Reflection and evaluation allows us to understand if we are on the path to realizing our dreams. Heading into our third year of building the next generation of social justice communicators, we took time to reflect on what we have done so far. We produced a report the evaluates our work and offers lessons for the field on what it takes to integrate communications as a core strategy for social change. Here is the introduction of the report.
ReFrame is moving forward by doubling down on our commitment to developing skilled communications leaders for the social justice field. The ReFrame Mentorship, in this period of consolidated right-wing political power and media control, reaffirms the need for a rigorous investment in the development of progressive, grassroots communications strategists.
Now, more than ever, we need grassroots social justice leaders with the high-level skills necessary to influence public debate.
We are moving forward with this commitment for two reasons. First, our evaluation shows we are succeeding in developing the next generation of grassroots communications strategists for the social justice field. Second, history shows that we needed this kind of rigorous, continuous communications leadership development at least a generation ago.
This is part of how we got here.
For too long in the social justice field, we’ve treated communications as an afterthought or a magic bullet. These trends emerge from a common misunderstanding of communications as a tactical activity rather than a core strategy. This misunderstanding leads local and regional organizations astray. Rather than proactively building communications capacities and seeking support to do so, organizations respond and react instead of shaping and controlling the conversation on their issue.
At the same time, few foundations and donors have funded communications infrastructure that would enable grassroots organizations to prioritize communications as a core strategy. Rather than invest in grassroots-based communications leaders, both organizations and funders over-rely on outsourcing to PR firms based in New York, the Beltway, etc. Many of these firms lack adequate understanding of social justice goals and grassroots organizing strategies. Others lack the cultural competency to effectively work with the most impacted populations, especially those outside of urban centers like New York and Washington, D.C.
Ironically, the right-wing has long operated with a clear understanding of strategic communications. Various factions on the Right, from moderate conservatives, to the Tea Party, to the so-called “Alt-Right,” have long understood that strategic communications is central to advancing political agendas and requires a long-term, multi-faceted approach. This approach includes the development of skilled strategists, investment in long-term agendas, creation and maintenance of infrastructure, and the placement of strategists as “meaning-makers” in all arenas of society, from the grassroots to government, from think tanks to academia. Conservative funders — including the Koch Brothers — have invested in this approach to strategic communications for decades, often in the form of large grants with little-to-no strings attached.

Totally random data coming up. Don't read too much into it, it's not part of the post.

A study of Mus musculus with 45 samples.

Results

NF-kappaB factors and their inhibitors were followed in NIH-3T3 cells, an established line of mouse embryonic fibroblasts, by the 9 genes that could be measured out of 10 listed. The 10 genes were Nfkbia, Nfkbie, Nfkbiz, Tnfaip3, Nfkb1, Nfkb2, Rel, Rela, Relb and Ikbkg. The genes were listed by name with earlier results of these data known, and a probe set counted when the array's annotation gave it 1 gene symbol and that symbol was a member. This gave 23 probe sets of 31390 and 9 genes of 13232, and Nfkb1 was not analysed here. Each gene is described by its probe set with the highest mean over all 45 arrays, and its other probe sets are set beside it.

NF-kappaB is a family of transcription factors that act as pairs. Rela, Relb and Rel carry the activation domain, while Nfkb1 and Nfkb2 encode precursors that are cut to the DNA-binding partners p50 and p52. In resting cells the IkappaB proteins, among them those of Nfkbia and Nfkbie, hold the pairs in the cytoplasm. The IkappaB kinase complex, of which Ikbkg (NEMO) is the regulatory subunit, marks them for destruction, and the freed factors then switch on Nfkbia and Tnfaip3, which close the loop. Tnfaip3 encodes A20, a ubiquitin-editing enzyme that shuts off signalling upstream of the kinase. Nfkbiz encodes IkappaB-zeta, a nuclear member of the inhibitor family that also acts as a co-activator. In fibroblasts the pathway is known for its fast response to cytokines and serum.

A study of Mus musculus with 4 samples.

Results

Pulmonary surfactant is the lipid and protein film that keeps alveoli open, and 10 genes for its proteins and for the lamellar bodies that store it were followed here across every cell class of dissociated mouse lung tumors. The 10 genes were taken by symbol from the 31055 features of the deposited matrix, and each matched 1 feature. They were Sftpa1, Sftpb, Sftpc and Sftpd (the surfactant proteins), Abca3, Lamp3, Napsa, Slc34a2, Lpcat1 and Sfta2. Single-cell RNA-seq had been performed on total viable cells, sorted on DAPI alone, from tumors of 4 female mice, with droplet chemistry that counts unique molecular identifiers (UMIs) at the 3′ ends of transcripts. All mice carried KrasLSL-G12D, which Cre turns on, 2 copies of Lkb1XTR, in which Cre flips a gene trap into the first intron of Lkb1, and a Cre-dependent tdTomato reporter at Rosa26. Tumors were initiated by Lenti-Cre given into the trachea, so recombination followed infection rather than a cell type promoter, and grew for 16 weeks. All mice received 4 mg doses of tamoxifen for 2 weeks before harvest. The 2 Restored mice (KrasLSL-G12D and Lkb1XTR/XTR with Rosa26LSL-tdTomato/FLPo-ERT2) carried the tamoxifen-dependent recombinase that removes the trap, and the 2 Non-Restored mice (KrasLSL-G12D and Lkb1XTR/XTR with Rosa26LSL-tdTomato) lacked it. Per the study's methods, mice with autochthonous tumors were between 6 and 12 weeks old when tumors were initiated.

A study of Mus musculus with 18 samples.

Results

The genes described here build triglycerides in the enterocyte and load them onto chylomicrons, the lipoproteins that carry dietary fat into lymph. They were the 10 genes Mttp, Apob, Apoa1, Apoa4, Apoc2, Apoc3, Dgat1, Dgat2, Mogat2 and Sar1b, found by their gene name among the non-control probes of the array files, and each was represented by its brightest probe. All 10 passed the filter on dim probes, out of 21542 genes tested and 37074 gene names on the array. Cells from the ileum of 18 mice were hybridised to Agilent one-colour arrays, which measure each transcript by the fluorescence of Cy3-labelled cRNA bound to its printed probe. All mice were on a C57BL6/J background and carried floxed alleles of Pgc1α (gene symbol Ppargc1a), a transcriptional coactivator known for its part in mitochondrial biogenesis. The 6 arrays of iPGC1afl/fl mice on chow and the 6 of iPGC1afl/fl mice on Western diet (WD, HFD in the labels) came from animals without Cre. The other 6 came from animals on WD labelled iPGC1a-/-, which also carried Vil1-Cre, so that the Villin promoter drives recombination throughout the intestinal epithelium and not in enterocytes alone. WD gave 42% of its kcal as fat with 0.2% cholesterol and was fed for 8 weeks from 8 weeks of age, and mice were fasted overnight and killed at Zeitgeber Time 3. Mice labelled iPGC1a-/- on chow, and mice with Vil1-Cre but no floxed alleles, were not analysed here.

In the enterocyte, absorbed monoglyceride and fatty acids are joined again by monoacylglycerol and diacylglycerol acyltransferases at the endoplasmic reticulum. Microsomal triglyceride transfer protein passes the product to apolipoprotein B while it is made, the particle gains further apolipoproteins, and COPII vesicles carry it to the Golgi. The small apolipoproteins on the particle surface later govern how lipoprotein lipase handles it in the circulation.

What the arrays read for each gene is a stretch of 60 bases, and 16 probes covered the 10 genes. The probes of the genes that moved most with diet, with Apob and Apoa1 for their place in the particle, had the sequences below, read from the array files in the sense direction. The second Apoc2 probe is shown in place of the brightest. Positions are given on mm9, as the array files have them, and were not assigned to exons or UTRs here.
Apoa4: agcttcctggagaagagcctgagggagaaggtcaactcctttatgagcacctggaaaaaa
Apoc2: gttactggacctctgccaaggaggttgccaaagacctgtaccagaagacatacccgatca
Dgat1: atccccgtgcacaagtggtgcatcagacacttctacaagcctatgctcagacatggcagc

As a result, the Right boasts a bloc of well-known pundits and be- hind-the-scenes architects, like famed communications strategist James O’Keefe (see sidebar on page 6), who have built a lasting infrastructure and an echo chamber that seeks to undermine progressive movements. There is no question that this right-wing communications machine fueled Trump’s rise to power and continues to push the socio-political landscape toward bigotry and hate.
But we are ready to push back.
ReFrame is heeding Grace Lee Boggs’ prescient call to action: “We are at one of the great turning points in human history … [we] cannot continue in the same old way.”
At a sector level, this means taking bold steps toward deeper investment in a robust communications ecosystem. The ReFrame Mentorship is one part of the solution, working in coordination with experts in digital organizing, capacity building and strategic communications to strengthen communications infrastructure and leadership for the social justice field.
We offer this evaluation of ReFrame’s second year in the spirit of building this ecosystem together.
We are committed to growing our impact, sharing our lessons and modeling what it means to “do things differently” for immediate gains and long-term change. We thank all of our funders, mentors and participants for believing in ReFrame from the beginning, and we urge others to prioritize strategic communications as a core strategy so that we all can win, BIG!